Continuity becomes the magic word - The Trio

Article published on Dec. 17, 2010
Article published on Dec. 17, 2010
By Delphine Reuter The Belgian Presidency of the European Council will end in two weeks. It will then be Hungary's turn to take over the six-month-long presidency for what promises to be a challenging term.
Both European Council President Herman Van Rompuy and Belgian Premier Yves Leterme, flanked by European Commission President José Manuel Barroso, took the opportunity of the Presidency's last summit to reflect on the successes and challenges they encountered over the last six months.

Van Rompuy appeared visibly satisfied with the Council's latest achievements announced yesterday, the establishment of permanent mechanisms to ensure the EU's economic stability, and the slight changes in the Lisbon Treaty enabling these mechanisms. He also enhanced the EU's focus on its external relations with global partners through the use of reciprocity between EU Member states. Amongst his examples were the summit with US President Obama which focused on green growth and job security, and the summit with Indian Premier Manmohan Singh which tackled antiterrorism issues.

Belgian Premier Yves Leterme said the Council was "a good opportunity to evaluate" the work done over the last six months. He said that about 50 agreements had been reached in total, the vast majority of which were co-decisions. Leterme also said Belgians learned lessons on two main principles: that it is more necessary than ever to engage in teamwork (he declared "we manage to move the EU again by joining forces") and the importance of focusing on the EU agenda through the support of the Lisbon Treaty.

"These last six months were very challenging for the EU and more specifically for its currency", said Leterme. "We've come a long way together."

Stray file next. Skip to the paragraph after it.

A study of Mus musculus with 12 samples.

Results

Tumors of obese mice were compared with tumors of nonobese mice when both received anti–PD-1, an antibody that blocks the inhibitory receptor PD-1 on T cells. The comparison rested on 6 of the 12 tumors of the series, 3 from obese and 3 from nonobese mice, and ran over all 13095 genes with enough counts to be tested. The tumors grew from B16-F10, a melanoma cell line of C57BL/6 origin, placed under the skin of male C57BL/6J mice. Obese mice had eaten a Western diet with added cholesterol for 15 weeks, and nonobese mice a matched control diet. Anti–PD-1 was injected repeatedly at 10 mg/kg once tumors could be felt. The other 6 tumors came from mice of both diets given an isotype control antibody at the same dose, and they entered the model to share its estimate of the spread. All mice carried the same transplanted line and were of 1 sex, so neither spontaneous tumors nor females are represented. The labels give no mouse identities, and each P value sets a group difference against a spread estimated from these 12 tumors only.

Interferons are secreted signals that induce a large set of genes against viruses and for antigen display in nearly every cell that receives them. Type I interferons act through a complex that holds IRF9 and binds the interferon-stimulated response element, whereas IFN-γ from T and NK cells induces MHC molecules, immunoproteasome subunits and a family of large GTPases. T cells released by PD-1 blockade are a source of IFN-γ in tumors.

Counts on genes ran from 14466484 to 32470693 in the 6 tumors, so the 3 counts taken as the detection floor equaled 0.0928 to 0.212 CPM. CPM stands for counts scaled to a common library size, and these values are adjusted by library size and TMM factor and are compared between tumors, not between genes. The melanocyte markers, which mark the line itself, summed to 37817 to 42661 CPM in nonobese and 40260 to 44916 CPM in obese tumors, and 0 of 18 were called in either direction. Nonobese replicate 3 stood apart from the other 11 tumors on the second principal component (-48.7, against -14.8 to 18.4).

He said that under his presidency, the European Council focused on five axes:

- financial and economic agreements (the financial supervision package, the free-trade agreement with South Korea, the preparation of the 2011 budget);

- external relations (start of the External Action Service, progress made in enlargement dossiers);

- environment (Leterme said the EU managed to speak with one voice at Nagoya and Cancún talks);

- involvement of governments in EU 2020 strategy (the last action being a proposal for a directive on fighting human trafficking);

- social Europe (a declaration on pensions and minimum wages will be ready in the last weeks of the Presidency, according to Leterme.).

Van Rompuy ended the conference by mentioning a few of the upcoming challenges of the Hungarian Presidency that will start on January 1, 2011.

"They have a huge programme", he said.

It comprises legislative proposals in the economic field, development of partnerships with eastern countries, new energy policies, etc. The specifics will be presented at the European Parliament some time at the beginning of January.

Answering journalists, Leterme mentioned that the trio of presidencies (Spain from January 1, 2010; Belgium from July 1, 2010; ad Hungary from January 1, 2011) is a successful strategy to drive the EU forward.

"Before taking over the Presidency, we had some doubts about the concept of the trio. But it's fair to say that having three presidencies with common goals and agreements on how to try to put it in place is a very positive evolution. I already spoke with Viktor Orbán (the Hungarian Prime Minister) and I think his answer will be the same."